CALIFORNIA | LOCAL
November 28, 2003 | Dennis McLellan, Times Staff Writer
Margaret Thaler Singer, one of the world's leading experts on cults and brainwashing who served as an expert witness in numerous high-profile court cases, including testifying for the defense in the 1976 bank robbery trial of kidnapped newspaper heiress Patricia Hearst, has died. She was 82. Singer, a clinical psychologist and former professor of psychology at UC Berkeley who also was known for her work on schizophrenia, died of pneumonia Sunday in a Berkeley hospital after a long illness.
March 15, 2003 | Benedict Carey, Times Staff Writer
She didn't once call home, or contact friends, though she knew those closest to her feared the worst. She walked around freely, close to her own neighborhood, and apparently never made an effort to reach out for help. And when finally rescued, Utah teenager Elizabeth Smart did something that seems beyond comprehension: She denied her identity.
OPINION
September 19, 2002 | NORAH VINCENT, Norah Vincent is a New York writer and a senior fellow at the Foundation for the Defense of Democracies, a think tank set up after Sept. 11 to study terrorism. Web site: www.norahvincent.com.
Is ridiculing majority opinion the only way to show that you're a free thinker? Or can you agree with the consensus and still have a mind of your own? Take the war on terrorism. If you think we are "quagmiring" in an unwinnable, endless, metaphorical war that we are waging for the sole purpose of consolidating and wielding our power, does that make you an intellectual?
CALIFORNIA | LOCAL
September 14, 2002 | From Times Wire Reports
Archbishop Emmanuel Milingo, the African prelate who wed a member of the Rev. Sun Myung Moon's Unification Church but soon repented and returned to the fold, has said that he may have been brainwashed. "Perhaps I was the object of a kind of brainwashing," the 72-year-old Milingo said in a series of interviews on his 95-day flirtation with the Moonies.
OPINION
August 1, 2002
In "Method Without Madness" (July 30), your Column One about suicide bombers, you quote a number of mental health professionals, including one who claims that the suicide bombers are "psychologically as normal as you and I." You offer no differing view. As a clinical psychologist for 25 years, I view this claim as nothing short of absurd. Suicide cultists are clearly operating from a mass delusion and are very disturbed. Children dying to be close to God are brainwashed and out of their minds.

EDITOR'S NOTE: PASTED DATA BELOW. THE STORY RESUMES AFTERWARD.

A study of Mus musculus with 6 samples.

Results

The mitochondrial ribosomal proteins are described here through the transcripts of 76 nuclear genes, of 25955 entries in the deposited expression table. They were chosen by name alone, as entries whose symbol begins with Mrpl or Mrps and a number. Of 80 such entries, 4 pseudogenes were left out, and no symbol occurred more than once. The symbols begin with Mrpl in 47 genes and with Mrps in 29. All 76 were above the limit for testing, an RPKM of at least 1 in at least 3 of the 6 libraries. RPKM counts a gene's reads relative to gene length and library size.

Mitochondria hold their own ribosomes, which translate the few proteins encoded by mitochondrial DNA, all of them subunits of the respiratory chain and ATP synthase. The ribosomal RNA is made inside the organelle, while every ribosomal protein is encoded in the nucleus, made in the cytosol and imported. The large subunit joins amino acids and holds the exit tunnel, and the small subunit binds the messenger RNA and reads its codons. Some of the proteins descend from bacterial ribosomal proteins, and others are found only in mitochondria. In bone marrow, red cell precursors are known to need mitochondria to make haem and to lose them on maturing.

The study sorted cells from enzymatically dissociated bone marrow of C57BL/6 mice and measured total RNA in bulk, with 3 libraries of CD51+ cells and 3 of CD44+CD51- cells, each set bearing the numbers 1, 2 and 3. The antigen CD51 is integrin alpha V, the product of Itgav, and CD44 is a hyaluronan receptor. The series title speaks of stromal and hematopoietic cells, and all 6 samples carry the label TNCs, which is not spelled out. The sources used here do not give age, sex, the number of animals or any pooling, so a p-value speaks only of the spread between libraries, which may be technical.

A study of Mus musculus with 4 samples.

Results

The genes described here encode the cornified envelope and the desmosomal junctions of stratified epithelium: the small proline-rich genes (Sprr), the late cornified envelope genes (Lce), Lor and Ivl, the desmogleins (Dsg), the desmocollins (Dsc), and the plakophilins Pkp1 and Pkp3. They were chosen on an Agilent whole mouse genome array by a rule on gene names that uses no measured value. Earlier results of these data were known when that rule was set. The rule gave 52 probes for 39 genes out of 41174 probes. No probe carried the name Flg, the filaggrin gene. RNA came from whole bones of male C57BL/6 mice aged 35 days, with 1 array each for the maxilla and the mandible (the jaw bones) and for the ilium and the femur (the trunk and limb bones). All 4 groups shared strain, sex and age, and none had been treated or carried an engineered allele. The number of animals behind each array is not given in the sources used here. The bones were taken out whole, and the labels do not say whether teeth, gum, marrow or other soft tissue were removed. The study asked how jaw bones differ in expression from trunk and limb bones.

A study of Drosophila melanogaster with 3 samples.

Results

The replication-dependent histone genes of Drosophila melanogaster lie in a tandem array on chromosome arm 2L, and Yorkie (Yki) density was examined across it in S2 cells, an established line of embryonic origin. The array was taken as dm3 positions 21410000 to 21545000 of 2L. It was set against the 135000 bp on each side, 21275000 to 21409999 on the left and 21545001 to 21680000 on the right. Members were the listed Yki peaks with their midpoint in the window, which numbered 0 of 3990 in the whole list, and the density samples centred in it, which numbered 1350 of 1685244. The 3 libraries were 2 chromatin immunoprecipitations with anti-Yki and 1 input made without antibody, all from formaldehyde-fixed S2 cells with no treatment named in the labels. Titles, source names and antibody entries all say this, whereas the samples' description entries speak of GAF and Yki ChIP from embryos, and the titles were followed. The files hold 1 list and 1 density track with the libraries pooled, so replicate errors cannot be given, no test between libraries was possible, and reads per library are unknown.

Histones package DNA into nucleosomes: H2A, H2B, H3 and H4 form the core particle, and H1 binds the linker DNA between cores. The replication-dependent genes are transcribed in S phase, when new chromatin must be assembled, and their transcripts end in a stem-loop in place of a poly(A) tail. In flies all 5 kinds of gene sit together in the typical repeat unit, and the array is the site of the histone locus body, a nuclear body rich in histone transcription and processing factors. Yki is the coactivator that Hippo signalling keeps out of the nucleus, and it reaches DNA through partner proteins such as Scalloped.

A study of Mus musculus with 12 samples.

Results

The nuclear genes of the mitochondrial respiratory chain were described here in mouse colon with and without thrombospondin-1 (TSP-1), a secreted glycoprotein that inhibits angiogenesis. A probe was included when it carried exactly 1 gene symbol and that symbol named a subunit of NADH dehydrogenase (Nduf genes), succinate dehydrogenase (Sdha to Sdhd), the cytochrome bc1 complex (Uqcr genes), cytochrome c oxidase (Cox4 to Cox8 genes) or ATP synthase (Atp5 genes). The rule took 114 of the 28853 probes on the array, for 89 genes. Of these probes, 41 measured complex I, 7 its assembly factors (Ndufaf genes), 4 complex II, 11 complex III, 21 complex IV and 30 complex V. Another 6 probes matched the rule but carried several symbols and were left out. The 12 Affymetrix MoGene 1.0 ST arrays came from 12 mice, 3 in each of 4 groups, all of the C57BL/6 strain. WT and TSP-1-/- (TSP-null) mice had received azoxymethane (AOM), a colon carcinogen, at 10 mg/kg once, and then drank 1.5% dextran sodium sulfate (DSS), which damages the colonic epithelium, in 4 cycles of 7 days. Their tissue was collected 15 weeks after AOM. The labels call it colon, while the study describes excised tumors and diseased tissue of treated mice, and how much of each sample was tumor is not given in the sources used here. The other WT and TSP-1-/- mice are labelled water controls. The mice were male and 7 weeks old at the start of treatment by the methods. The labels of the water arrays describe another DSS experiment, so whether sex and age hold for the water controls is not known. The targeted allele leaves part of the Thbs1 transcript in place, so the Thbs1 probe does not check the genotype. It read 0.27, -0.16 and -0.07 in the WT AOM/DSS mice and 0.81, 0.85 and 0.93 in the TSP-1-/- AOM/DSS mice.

CALIFORNIA | LOCAL
September 14, 2000
It would be fair for George W. Bush to dismiss as "bizarre" allegations that his people inserted the "rats" subliminal message in his TV ad (Sept. 13). It would be fair, if it weren't true. Unfortunately, it is true; the Bush campaign did it and got caught. The only thing "bizarre" is how Bush plays the negative campaigning game, then sloughs off accountability. No more personal character assassination commercials against Al Gore either, please, GOP. Restore a decent level of civil discourse to this election.
CALIFORNIA | LOCAL
April 12, 2000 | STEVE CHAWKINS
Out there in Nutritionville, it's dog-eat-dog. Even worse, it's man-eat-soyburger--and, shockingly, soyburger-eat-man. You've heard the news, no doubt: Researchers have found that middle-aged men who ate tofu at least twice a week were prone to shrinkage of the brain. Doesn't that figure? Just when you think you've found something you can trust, you discover it securely lodged between your shoulder blades like a cleaver in liverwurst.
CALIFORNIA | LOCAL
September 12, 1999 | MATT SURMAN, SPECIAL TO THE TIMES
Dick Corrente, now middle-aged, grew up on guns. As a child, he carried his .22-caliber pistol wherever he went. Heck, he said, everyone carried a gun in Ventura in those days. These days he's getting a little nervous. For now, the gun show at Seaside Park, where Corrente sold firearms Saturday, is safe from closure.
CALIFORNIA | LOCAL
June 13, 1999 | MICHELLE RAY ORTIZ, ASSOCIATED PRESS
The 130 residents of the converted beach-side motel are mostly teenage and mostly American, but you wouldn't know it by listening: No shouts, no stereos. Just the rhythmic crash of surf. Under strict order, the youths at Casa by the Sea go about their day's routine of quiet exercise, study, chores and, when approved, group discussion. Not long ago, before their arrival, their days were spent in a dark, defiant cycle of drug abuse and other self-destructive behavior, many of the teenagers say.